Today there are more factoring companies to choose from than ever before. Factoring rates, fees and agreement terms are extremely competitive. That should work to your advantage as a potential factoring customer. Still, there are several issues to consider when selecting a factoring company.
Here are seven important questions you should ask any factoring company before entering into an agreement:
What is your fee structure?
This can vary depending on your industry and the factoring company involved. Some factors only charge a flat factoring fee, which is a percentage of the total invoice value. Other factors charge additional fees that cover money transfers, software, collateral and other costs of doing business. Make sure the factoring company you work with is up-front and transparent with you about its fees.
What are your terms?
As a customer, you want as much flexibility in a factoring agreement as possible. A long-term contract with a factoring company can be desirable if it includes a price break or flexible rates. Many factoring companies will adjust their rates based on increased factoring volume or competitive offers from other factors. The industry standard for most factoring agreements is a one-year contract. With most factors, that contract will automatically renew unless you give the company a 60- or 90-day notice.
Do you offer both recourse and non-recourse factoring?
With non-recourse factoring, the factoring company assumes more of the credit risk for the collection of the invoice. Recourse factoring means that you, the client, are ultimately responsible if the factor cannot collect on your customer invoices. Recourse factoring costs less than non-recourse. Having a customer default payment under a recourse agreement does not mean that you have to pay the debt out-of-pocket. The factoring company may withhold a portion of future cash advances or reserve payments, putting the money in an escrow account until the debt is settled.
It is to your advantage to find a factor that offers both recourse and non-recourse factoring, as some of your customers may be better candidates for recourse factoring than others. A factoring company that has a strong credit team can also help ensure that you are working with good customers. This relieves some of the pressure of “being on the hook” for bad debt.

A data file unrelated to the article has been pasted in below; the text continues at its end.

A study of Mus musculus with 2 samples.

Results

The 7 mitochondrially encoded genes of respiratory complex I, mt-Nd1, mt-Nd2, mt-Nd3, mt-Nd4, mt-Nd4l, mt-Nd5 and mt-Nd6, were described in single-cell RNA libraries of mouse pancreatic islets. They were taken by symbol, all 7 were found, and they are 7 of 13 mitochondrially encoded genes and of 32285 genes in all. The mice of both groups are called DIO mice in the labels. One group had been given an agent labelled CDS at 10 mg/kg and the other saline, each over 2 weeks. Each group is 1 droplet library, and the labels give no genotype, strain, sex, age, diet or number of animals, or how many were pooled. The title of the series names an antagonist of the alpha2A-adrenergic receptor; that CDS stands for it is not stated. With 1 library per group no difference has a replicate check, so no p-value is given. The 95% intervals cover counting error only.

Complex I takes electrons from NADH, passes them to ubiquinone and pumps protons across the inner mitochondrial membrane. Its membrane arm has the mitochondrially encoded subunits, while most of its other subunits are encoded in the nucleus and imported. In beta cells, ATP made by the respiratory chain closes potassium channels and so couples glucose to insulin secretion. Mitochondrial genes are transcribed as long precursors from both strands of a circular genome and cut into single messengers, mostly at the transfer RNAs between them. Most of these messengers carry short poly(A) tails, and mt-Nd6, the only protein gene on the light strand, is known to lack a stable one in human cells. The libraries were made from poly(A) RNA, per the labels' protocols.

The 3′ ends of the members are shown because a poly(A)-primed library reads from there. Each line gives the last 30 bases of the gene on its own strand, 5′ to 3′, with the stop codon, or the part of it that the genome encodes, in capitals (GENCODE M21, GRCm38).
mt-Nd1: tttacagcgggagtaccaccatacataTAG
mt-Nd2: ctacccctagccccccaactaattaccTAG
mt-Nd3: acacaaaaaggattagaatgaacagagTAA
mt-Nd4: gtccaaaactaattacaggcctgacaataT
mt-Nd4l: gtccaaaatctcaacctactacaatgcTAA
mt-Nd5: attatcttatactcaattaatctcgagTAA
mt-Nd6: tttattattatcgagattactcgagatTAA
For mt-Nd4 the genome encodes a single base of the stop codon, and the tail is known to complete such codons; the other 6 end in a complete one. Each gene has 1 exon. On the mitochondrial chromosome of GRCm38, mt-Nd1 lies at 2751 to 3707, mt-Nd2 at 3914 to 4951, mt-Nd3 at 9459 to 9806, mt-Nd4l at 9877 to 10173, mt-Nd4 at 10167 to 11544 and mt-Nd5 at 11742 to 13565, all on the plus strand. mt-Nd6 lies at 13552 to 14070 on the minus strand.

How long have you been in business?
There are more factoring companies in the marketplace today than ever before. Many of them are recent start-ups that have very little industry experience. Before entering into a factoring agreement, research the factor’s history and its background providing financial services in your field.
Do you have the capital to grow with me?
One of the advantages that factoring has over traditional lending is that there is no limit to the level of financing. As your company grows, the funding of invoices should grow with you. Find out as much information as you can about a factoring company’s capital structure and client base. What’s the factoring volume of their largest client? What is a typical account size? Is there a limit to how many debtors the factoring company can take on? Factoring companies that have been in business and have served your industry for several years usually have greater capacity to finance your company as it grows.
What else can you do for me?
Factoring is more expensive than a conventional bank loan. Part of what makes that expense worthwhile is the back-office services that the factoring company provides. In addition to financing and collections, many factors also provide credit information and evaluation of companies in your industry. When shopping for factoring companies, make sure you find one that offers additional products and services that can help your company make good business decisions and grow.
How do we get started?
Unlike banks, factoring companies are not as concerned with your balance sheet before deciding to work with you. But they do have some criteria in selecting new clients. Make sure the factoring company explains to you up-front what it looks for in approving you as a client. Is it your personal credit score? Is it the credit ratings and payment histories of your customers? Often, your company wants to factor because it needs a quick injection of cash flow. Make sure the factoring company is clear with you on how many days it will take to review and process your application.